Newest Polanski Film “The Ghost Writer” Won’t Disappear

The Ghost Writer Movie Poster | Photo From www.filmschoolsrejects.com

The Ghost Writer Movie Poster | Photo From www.filmschoolsrejects.com

Staff Writer

The Ghost Writer Movie Poster | Photo From www.filmschoolsrejects.com

For his entire directorial film career, legendary director Roman Polanski has crafted one absorbing picture after another. His latest work, “The Ghost Writer” is no exception.

“The Ghost Writer” is classic Polanski. Its stylish, elegant and memorable. Sure, Polanski’s off screen dalliances with the law may put a damper on his career as a whole, but behind the camera, Polanski never loses the ability to create serious tension and genuine suspense.

Before we get any further, I feel obligated to explain what a ghost writer is. By definition, a ghostwriter is a professional writer who is paid to write books, articles, reports, that are credited to another person.

The film stars Ewan Mcgregor, an unnamed writer who is assigned to be a “ghost writer” of an autobiography for Adam Lang, former British prime-minister. When Mcgregor arrives to Lang’s gorgeous Massachusetts summer house, he meets Lang’s political company, along with his supportive but mysterious wife.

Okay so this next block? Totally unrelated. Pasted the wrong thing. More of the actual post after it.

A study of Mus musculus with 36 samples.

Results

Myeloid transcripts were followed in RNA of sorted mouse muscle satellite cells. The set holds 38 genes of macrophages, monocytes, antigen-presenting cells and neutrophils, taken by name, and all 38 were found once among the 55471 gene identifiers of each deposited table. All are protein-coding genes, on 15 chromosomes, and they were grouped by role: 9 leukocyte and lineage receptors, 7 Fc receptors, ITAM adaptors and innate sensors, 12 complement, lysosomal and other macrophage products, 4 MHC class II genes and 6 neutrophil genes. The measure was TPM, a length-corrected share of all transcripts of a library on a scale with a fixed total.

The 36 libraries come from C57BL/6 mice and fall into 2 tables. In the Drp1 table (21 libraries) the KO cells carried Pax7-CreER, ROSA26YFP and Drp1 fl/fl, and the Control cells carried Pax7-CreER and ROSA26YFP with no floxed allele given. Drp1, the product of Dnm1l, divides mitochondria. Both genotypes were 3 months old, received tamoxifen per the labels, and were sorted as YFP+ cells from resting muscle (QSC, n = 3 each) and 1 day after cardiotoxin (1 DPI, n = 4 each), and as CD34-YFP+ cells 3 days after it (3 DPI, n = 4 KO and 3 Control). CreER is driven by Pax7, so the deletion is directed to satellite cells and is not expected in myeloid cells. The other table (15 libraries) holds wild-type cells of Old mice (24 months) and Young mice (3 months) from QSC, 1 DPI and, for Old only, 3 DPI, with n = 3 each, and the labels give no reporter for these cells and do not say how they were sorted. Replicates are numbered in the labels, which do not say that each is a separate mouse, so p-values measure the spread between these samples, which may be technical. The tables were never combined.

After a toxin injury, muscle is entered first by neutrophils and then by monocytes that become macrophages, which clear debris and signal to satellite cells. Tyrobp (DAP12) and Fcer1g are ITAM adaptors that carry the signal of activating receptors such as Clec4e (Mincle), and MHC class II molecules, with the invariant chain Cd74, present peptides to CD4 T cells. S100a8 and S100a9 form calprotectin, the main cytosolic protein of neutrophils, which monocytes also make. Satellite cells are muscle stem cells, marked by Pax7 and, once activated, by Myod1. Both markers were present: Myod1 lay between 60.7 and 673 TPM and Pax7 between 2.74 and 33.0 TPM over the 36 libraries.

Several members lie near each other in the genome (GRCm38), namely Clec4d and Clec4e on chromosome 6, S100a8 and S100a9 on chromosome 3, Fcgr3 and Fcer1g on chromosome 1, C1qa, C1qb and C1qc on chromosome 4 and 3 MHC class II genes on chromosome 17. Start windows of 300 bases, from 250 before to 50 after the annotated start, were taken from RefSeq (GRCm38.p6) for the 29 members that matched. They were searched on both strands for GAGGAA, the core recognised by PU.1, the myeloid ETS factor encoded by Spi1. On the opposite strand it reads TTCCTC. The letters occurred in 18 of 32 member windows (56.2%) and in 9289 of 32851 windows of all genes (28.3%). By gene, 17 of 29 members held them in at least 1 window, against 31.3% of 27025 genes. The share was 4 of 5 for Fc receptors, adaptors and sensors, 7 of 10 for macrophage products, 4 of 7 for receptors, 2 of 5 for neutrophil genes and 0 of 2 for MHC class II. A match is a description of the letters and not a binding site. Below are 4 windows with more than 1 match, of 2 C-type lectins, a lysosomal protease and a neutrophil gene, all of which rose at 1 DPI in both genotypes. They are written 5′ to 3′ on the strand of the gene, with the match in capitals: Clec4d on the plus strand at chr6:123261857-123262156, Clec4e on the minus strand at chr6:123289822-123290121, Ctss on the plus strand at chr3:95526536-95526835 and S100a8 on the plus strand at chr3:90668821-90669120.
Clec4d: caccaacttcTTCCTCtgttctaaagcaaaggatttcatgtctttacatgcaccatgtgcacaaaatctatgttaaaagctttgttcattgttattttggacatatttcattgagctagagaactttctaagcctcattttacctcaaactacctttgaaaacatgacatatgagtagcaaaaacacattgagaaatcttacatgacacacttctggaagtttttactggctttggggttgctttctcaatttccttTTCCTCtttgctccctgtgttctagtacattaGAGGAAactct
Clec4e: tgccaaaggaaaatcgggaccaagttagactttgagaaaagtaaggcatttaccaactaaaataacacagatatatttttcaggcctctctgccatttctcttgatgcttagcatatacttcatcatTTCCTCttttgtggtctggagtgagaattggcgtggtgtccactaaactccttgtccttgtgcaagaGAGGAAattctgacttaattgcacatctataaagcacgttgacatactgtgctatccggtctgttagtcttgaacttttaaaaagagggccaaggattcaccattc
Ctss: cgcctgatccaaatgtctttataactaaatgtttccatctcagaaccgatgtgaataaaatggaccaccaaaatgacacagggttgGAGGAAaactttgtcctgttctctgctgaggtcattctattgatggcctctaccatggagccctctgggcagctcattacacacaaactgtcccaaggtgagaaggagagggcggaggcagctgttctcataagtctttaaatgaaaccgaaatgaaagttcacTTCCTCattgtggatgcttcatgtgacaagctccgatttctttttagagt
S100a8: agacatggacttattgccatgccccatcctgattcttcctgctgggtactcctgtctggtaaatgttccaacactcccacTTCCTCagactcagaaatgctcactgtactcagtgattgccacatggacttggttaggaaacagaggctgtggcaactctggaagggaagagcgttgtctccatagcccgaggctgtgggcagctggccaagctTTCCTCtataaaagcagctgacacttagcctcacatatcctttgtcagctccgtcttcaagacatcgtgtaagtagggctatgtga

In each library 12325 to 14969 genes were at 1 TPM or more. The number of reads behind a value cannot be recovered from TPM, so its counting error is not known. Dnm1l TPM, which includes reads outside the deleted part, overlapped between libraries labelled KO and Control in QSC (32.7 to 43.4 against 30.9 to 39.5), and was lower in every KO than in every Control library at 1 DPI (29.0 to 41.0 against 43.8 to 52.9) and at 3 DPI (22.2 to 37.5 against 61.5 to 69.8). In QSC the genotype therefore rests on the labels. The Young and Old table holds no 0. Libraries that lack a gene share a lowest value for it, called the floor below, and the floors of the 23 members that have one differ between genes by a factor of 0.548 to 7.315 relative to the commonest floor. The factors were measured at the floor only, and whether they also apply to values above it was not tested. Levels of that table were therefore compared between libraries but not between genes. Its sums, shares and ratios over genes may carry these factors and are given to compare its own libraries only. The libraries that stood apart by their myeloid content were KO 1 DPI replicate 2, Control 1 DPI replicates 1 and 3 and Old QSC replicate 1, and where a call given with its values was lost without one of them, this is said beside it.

McGregor thinks that his only job is to write the autobiography, but soon realizes that he has several other obstacles. The plot gets complicated when Lang is accused of war crimes, putting McGregor right in the middle of a political nightmare. In addition, McGregor is faced with the difficult task of uncovering the mystery behind the recent death of Lang’s former ghostwriter.

Lang is perfectly cast as Pierce Brosnan,, a character who seems clueless but may know more than the audience believes. McGregor proves that he is still a force in Hollywood, giving an understated performance necessary for the film’s success.

Also notable is Olivia Williams, playing Lang’s complex and puzzling wife. She brings a perfect amount of subtly and intrigue to the role, managing to never let McGregor, or the audience, into her head. There is also a fine performance from the feisty Kim Cattrall, playing Lang’s closest associate.

Everything nearly works in this film. The pacing, camerawork, acting and plot twist all complement each other, rather than overpower. Although “The Ghost Writer” will not get nearly as many box-office bucks, I still believe it to be a smarter, deeper, and more engaging picture than Martin Scorsese’s newest film, “Shutter Island.”

While “The Ghost Writer” isn’t as prolific or revelatory as Polanski’s other work, it is still an extremely taut and intelligent political thriller, and it needs to be seen.